Will the Affordable Care Act Bump Up the Divorce Rate?
With the roll-out of the health insurance marketplace provided under the Affordable Care Act (ACA), the government aims to provide better health insurance options across the board. For couples considering divorce, the viability of individual health insurance may remove an obstacle to divorce.
In the United States, a large number of women are carried on the employment-based health insurance plans of their spouse. The health care of these women is marginalized at divorce when they are dropped from those health plans.
In 2012, a study from the University of Michigan looked at longitudinal data from 1996 through 2007 for women from 26 through 64 years of age. The analysis sought to identify conditions faced by women seeking health insurance after divorce. Findings included:
- Approximately 115,000 women lose health care insurance due to divorce each year
- About 65,000 women each year lose all health care coverage in the six months following their divorce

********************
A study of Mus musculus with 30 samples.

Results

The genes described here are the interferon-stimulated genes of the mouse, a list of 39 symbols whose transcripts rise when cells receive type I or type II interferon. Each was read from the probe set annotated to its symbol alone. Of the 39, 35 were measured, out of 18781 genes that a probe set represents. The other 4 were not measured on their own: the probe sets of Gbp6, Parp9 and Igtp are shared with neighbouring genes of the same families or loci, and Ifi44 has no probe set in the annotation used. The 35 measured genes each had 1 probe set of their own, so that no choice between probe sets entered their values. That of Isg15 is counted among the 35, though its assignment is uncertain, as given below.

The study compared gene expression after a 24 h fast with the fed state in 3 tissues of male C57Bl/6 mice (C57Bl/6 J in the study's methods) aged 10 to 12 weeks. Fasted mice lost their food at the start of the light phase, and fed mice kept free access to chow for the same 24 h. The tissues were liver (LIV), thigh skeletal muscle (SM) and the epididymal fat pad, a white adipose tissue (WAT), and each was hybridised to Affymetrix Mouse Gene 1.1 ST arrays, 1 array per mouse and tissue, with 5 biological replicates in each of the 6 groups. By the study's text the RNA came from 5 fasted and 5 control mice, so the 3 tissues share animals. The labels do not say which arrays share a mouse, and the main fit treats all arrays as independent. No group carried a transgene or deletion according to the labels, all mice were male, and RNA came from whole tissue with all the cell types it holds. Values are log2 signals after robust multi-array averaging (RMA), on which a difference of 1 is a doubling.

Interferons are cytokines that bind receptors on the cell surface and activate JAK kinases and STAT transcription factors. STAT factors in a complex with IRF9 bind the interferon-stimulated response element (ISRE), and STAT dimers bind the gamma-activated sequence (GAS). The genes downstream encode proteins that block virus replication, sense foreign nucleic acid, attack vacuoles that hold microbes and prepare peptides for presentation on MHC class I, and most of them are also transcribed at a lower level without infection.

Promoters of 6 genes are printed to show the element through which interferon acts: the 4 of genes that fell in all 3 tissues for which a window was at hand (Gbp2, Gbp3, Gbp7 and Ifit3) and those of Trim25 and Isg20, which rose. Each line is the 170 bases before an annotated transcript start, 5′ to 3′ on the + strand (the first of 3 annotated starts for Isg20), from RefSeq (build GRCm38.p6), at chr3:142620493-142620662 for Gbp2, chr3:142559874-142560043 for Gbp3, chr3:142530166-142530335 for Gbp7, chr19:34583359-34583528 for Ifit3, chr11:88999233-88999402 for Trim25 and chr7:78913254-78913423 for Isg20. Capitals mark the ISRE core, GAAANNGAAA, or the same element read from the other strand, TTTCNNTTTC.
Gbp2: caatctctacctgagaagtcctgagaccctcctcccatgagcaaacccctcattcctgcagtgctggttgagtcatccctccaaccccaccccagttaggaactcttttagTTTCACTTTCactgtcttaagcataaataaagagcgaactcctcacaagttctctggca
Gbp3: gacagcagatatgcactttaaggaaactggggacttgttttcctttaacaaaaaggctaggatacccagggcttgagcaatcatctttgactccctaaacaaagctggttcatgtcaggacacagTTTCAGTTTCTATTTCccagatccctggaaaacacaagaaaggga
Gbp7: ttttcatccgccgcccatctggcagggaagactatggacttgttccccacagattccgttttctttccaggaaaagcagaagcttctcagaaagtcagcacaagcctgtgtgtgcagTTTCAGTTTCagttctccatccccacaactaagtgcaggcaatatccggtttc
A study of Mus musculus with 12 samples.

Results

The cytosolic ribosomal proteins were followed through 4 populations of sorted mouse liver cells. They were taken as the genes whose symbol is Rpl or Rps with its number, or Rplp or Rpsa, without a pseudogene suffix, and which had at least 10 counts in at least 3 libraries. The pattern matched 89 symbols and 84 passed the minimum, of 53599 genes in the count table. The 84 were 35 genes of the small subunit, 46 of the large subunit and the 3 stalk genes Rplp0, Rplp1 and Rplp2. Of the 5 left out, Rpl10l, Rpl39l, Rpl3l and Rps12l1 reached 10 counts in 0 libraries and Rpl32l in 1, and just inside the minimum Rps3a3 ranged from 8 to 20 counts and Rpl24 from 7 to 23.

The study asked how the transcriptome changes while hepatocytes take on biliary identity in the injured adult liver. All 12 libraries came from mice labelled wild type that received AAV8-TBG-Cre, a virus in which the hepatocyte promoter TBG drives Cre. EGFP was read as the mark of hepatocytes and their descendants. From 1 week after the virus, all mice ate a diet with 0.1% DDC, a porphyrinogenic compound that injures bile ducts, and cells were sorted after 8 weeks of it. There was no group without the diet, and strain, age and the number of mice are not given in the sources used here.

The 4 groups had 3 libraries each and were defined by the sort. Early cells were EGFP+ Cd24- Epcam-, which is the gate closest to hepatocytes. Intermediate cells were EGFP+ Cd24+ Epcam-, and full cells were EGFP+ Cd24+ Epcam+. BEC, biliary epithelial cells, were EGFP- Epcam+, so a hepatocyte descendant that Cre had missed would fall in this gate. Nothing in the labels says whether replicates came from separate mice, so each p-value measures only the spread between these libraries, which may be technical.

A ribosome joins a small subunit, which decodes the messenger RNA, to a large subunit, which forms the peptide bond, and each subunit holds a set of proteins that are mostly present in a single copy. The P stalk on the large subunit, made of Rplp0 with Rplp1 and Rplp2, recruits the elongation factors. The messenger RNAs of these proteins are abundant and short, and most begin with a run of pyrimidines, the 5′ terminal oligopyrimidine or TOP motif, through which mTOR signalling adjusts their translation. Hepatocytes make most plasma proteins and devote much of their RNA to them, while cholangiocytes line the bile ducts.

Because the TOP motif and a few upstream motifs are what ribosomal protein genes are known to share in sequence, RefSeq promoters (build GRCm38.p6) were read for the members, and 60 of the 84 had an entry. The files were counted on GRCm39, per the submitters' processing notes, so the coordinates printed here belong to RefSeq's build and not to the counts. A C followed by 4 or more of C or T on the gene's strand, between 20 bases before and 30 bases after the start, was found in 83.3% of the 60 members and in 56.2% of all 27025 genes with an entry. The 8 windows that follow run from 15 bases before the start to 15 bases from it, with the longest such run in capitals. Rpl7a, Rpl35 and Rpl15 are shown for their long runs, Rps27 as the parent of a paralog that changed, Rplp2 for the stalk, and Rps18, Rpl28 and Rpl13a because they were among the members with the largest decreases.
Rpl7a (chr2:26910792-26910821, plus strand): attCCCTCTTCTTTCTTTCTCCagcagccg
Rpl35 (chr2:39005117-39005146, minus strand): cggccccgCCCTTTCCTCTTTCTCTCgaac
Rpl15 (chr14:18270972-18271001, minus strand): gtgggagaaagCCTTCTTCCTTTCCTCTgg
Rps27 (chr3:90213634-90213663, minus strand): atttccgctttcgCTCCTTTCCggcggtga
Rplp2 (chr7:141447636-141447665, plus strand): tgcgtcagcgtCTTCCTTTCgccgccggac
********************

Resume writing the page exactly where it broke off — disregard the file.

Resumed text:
- Women of moderate income more often lose coverage as wealthy women can afford coverage and women of lower income may qualify for public insurance.
- Although not immune to losing coverage, women with employer-based insurance coverage of their own are less likely to lose access to health care
Especially into older age, some couples stay together or separate without divorce to accommodate the insurance needs of the spouse who would lose coverage. In theory, the ACA may remove impediments to couples who put off divorce for these reasons.
If considering divorce, understanding your health insurance position is essential prior to negotiations. Speak with Bryan L. Salamone & Associates, P.C. for strong protection of your rights — and your future.